Turns out the truth is a combination of two theories with a bit of evolutionary help from early crustaceans.

(CN) — Long before they flew, the ancestors of insects crawled across the ocean floor. How they evolved wings is a question that’s been debated by scientists for more than a century. Some said wings evolved from an extra leg or outgrowth. Others thought they simply sprang up from the body wall. Research published in Nature Ecology & Evolution on Tuesday confirms both theories.

“People have been wondering that for over 100 years, because that is going to answer some fundamental questions about where do other interesting structures come from?” said the paper’s author Heather Bruce, a molecular biologist who specializes in arthropods. “This leg segment alignment model that I've discovered is the key to opening up all those questions.”

A 10-person team of researchers from the Marine Biological Laboratory in Woods Hole, Massachusetts, compared the genes that form the legs of the marine crustacean Parhyale hawaiensis with the legs of fruit flies, flour beetles and other insects. They discovered not only that the crustacean and insects shared six leg segments and six common genes, but also that the crustacean’s seventh leg segment becomes the body wall in insects during development.

“Much of the insect body wall is derived from leg segments,” the study authors write. “We propose that both the leg exite and body wall theories are correct, but each is relevant to different phylogenetic timepoints: crustacean leg exites evolved into body wall lobes, and then subsequently into wings.”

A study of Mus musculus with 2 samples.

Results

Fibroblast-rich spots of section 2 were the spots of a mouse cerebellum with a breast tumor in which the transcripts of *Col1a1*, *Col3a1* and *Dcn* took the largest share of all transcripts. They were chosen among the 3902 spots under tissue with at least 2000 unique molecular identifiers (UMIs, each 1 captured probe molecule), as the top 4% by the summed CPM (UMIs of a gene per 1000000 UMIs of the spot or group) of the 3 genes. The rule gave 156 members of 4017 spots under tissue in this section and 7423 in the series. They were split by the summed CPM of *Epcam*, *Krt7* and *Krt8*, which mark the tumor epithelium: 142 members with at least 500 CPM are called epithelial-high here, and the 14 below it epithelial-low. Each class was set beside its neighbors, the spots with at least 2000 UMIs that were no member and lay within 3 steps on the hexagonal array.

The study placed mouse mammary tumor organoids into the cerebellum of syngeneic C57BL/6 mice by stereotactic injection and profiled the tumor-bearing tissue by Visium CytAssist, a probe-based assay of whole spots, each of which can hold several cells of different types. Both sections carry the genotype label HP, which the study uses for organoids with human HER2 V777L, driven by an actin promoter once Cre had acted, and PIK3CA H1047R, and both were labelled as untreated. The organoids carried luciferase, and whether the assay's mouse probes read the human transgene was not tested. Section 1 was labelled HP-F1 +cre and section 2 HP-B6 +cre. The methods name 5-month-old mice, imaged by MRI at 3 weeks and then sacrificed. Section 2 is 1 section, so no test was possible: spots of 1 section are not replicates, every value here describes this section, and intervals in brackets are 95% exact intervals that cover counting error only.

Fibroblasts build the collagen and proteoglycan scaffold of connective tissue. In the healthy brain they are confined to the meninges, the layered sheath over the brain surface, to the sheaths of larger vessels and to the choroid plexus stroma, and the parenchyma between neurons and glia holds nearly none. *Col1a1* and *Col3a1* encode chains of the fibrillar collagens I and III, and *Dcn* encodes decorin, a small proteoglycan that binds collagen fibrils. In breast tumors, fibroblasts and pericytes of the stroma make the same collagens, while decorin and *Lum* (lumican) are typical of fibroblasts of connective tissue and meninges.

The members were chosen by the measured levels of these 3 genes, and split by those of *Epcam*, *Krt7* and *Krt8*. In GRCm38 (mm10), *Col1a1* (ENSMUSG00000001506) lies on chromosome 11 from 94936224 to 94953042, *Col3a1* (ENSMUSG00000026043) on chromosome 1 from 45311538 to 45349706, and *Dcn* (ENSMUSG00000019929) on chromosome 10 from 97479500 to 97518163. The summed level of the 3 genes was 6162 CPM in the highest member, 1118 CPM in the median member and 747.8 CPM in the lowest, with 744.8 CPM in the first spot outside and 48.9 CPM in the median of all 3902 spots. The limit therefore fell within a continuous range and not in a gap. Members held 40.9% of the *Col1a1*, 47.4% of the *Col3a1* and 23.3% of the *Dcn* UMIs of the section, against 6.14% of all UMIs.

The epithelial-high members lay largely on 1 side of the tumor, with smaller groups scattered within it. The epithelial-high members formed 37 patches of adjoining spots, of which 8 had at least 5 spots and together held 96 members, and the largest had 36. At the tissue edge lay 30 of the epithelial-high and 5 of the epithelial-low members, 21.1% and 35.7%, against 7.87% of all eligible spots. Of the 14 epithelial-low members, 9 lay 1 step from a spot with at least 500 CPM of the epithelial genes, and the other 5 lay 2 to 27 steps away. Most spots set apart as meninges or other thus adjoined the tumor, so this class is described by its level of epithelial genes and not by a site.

Diagram showing the relationships between genes, leg segments and wings. (Heather Bruce)

Some theorize the movement of the seventh leg segment helped support life on land, when those arthropods transitioned out of the sea some 300 million years ago. Meanwhile, sea-dwelling crustaceans maintained their seven legs segments.

"People get very excited by the idea that something like insect wings may have been a novel innovation of evolution," said Nipam Patel, director of the Marine Biological Laboratory in a statement. "But one of the stories that is emerging from genomic comparisons is that nothing is brand new; everything came from somewhere. And you can, in fact, figure out from where."

Until recently, many scientists believed flying insects were more closely related to millipedes and centipedes, rather than crabs and shrimp. And Bruce said she wants to apply her method to solve how the leg segments relate among other subphylum that include spiders and horseshoe crabs.

“I want to align insect and crustacean legs with myriapod and chelicerate legs,” Bruce said. “Then that would be this really nice, unified framework for understanding arthropod appendages.”

Founded in 1888, the Marine Biological Laboratory is a nonprofit institution affiliated with the University of Chicago. The National Science Foundation funded this research.